The ‘World War Z’ Movie Is Not Like The Book: Does It Matter?
Last weekend we finally got to see the finished results of Brad Pitt and Marc Forster’s much-discussed adaption of Max Brooks’ novel, World War Z: An Oral History of the Zombie War. Originally bought by Pitt’s production company, Plan B, for over $1 million, the project has been plagued with an unusually high level of criticism and bad press before it even had a chance to put its own case forward.
The overwhelming topic for disparagement hasn’t been its piggybacking of the newly popular zombie genre, or the four different writers brought in to tackle the story, however – it’s been the film’s deviation from the novel’s unique style and structure. Now that it’s out in the world, however, my question is: are those changes from the source material really such a bad thing, and are book fans destined to be unsatisfied either way?
Judging by the reviews that have emerged since the weekend, World War Z is in no way the disaster that many had been proclaiming it as. As with a lot of films that have significant issues during production, the film was fighting an uphill battle against bloggers, critics and film fans, but there was another group of people who weren’t too happy with the development of the movie – existing fans of Max Brooks’ celebrated book. What should have been an in-built fanbase has proved to be the opposite.
So significant are the changes that, looking at the book and the movie side-by-side, they share little but a name. What probably started as a creative and unique take on the zombie-horror genre has turned into something much more generic and, well, ordinary. Brook’s narrator, who collects the stories of various witnesses to the world-wide epidemic, has now become Brad Pitt: Action Hero, and the potentially mockumentary style has been replaced by a third-person narrative following one man in a race against time.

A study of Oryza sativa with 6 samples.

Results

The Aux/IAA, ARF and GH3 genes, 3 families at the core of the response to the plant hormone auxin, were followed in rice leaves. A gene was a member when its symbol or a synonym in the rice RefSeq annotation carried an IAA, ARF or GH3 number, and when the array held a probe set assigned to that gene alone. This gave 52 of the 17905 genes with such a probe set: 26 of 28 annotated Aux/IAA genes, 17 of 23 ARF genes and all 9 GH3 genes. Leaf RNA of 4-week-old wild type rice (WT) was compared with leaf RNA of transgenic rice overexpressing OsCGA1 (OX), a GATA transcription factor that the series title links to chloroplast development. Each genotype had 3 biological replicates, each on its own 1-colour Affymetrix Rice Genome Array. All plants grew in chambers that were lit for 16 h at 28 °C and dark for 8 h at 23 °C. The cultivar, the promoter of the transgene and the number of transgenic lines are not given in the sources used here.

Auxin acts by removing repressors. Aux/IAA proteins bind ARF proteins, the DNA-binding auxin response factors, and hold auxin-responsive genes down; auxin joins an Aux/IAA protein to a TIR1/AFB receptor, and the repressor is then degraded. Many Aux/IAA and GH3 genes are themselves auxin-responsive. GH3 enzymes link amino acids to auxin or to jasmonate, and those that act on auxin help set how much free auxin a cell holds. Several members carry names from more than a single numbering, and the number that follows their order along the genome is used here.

But it could be said that literature fans are never happy when their favorite book is translated to screen. Flicking through a selection of any reactions to past adaptations will find complaints about being too faithful and complaints about deviating too much – so what was World War Z to do? It isn’t a catastrophic mistake, so will the two texts forever be linked by their shared names, or can they be enjoyed as individual stories belonging within the same loose genre boundaries?
We’ll likely never know what some of the previous versions of the script actually looked like, but it’s possible that things were simply lost in translation. It’s most likely a symptom of Hollywood’s skittishness however, that a narrative told from multiple perspectives scattered across the globe eventually became a star vehicle for Brad Pitt with none of the flourishes that made Brooks’ novel so compelling, interesting, and worthy of big screen adaptation in the first place.
But, even with Pitt on board in a smaller role, I doubt audiences would flock to see a faithful adaptation of the book in the way they have this generic, crowd-pleasing, easily understandable and marketable apocalypse movie. It has made enough money to justify a sequel, for example, so it seems that those warnings online and in magazines haven’t been so damning where it counts – people’s pockets. So, if people like and have enjoyed the movie version of World War Z, and we’re all aware of how different it is to the book, isn’t it a waste of time to still be comparing the two?